The WSJ reports that the consortium of banks led by Royal Bank of Scotland said Tue it will go forward with a €71.1bn ($95.61bn) takeover bid for ABN Amro (ABN), topping a bid from Barclays and continuing a struggle with Bank of America for control of the Dutch bank's US arm. The consortium, which includes the Dutch bank Fortis and Spain's Santander Central Hispano, said the offer is 79% in cash and through the issue of new shares in RBS. The cash component was originally 70% in a proposed offer outlined last month. The trio of banks said the €38.40 is a 13.7% premium to the value of Barclays PLC's rival offer.
According to the WSJ, Tishman Speyer Properties and Lehman Brothers yesterday were near a deal to purchase Archstone-Smith trust (ASN) for more than $12bn. A deal could be announced as early as today. Exact terms of the transaction couldn't be learned, but Archstone-Smith's mkt cap is $12.3bn and an agreement would likely involve a premium. The buyers also would assume $6.3bn in debt. That would make the deal one of the largest privatizations of a public REIT.
The WSJ reports that the FTC will conduct the govt antitrust review of Google’s (GOOG) proposed $3.1bn purchase of DoubleClick. The FTC Fri made a so-called "second request" of Google, for additional information to assess any possible overlapping lines of business. The issuance of a 2nd request is a signal that the FTC is taking a hard look at the deal, as was expected.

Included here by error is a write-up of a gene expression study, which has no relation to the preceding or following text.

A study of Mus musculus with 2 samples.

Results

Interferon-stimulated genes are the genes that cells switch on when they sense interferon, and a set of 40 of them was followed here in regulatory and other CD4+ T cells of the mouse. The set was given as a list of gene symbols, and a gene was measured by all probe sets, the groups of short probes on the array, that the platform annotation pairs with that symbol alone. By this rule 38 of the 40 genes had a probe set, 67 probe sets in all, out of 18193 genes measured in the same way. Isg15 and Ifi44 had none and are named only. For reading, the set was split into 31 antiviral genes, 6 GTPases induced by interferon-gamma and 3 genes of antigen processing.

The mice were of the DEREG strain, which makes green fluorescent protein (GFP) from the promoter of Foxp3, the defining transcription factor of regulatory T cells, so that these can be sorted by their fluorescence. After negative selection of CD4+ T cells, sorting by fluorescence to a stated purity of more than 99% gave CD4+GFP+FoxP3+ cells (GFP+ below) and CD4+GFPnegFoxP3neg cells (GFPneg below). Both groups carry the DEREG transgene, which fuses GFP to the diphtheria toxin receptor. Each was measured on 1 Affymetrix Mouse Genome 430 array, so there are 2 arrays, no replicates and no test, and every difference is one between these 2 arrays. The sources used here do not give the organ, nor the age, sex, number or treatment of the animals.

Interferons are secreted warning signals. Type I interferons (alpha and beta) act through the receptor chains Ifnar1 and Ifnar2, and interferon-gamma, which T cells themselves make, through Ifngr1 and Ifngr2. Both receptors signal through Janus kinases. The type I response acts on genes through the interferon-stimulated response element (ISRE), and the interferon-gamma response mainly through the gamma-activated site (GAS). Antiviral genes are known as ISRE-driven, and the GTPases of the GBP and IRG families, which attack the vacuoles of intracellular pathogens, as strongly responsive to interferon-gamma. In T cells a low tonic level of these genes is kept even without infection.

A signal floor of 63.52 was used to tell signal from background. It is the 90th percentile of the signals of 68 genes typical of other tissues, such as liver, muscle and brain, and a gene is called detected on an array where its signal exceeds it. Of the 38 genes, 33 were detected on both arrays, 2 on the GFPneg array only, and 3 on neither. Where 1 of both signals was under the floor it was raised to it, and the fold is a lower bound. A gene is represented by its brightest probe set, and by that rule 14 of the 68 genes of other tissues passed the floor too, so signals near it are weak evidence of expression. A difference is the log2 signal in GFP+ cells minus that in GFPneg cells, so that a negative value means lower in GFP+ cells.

The WSJ reports that Avaya (AV) is in talks with private-equity and strategic bidders about selling part or all of the co, the latest sign that there could be a new round of M&A in the telecom-equipment industry. Among parties that could be interested in all or parts of Avaya are private-equity firms, which are attracted to Avaya's cash flow and low debt, as well as network-equipment makers like Norton (NT). Avaya is in talks with private-equity firm Silver Lake Partners about a LBO plan.
According to the WSJ, private-equity firms are in serious discussions about a buyout of CDW (CDWC). Chicago's Madison Dearborn Partners was considered in the lead to purchase the co. But one person familiar with the discussions noted that they are at an especially sensitive stage and could fall apart. Madison Dearborn also might receive some late competition from other buyout firms.
The WSJ reports that URS (URS) agreed to buy rival engineering co Washington Group Intl. (WGII) for about $2.6bn in cash and stock, in a deal that highlights a construction boom driven by energy-efficiency and govt projects. The deal, valued at $80 for each Washington Group share, represents a 14% premium.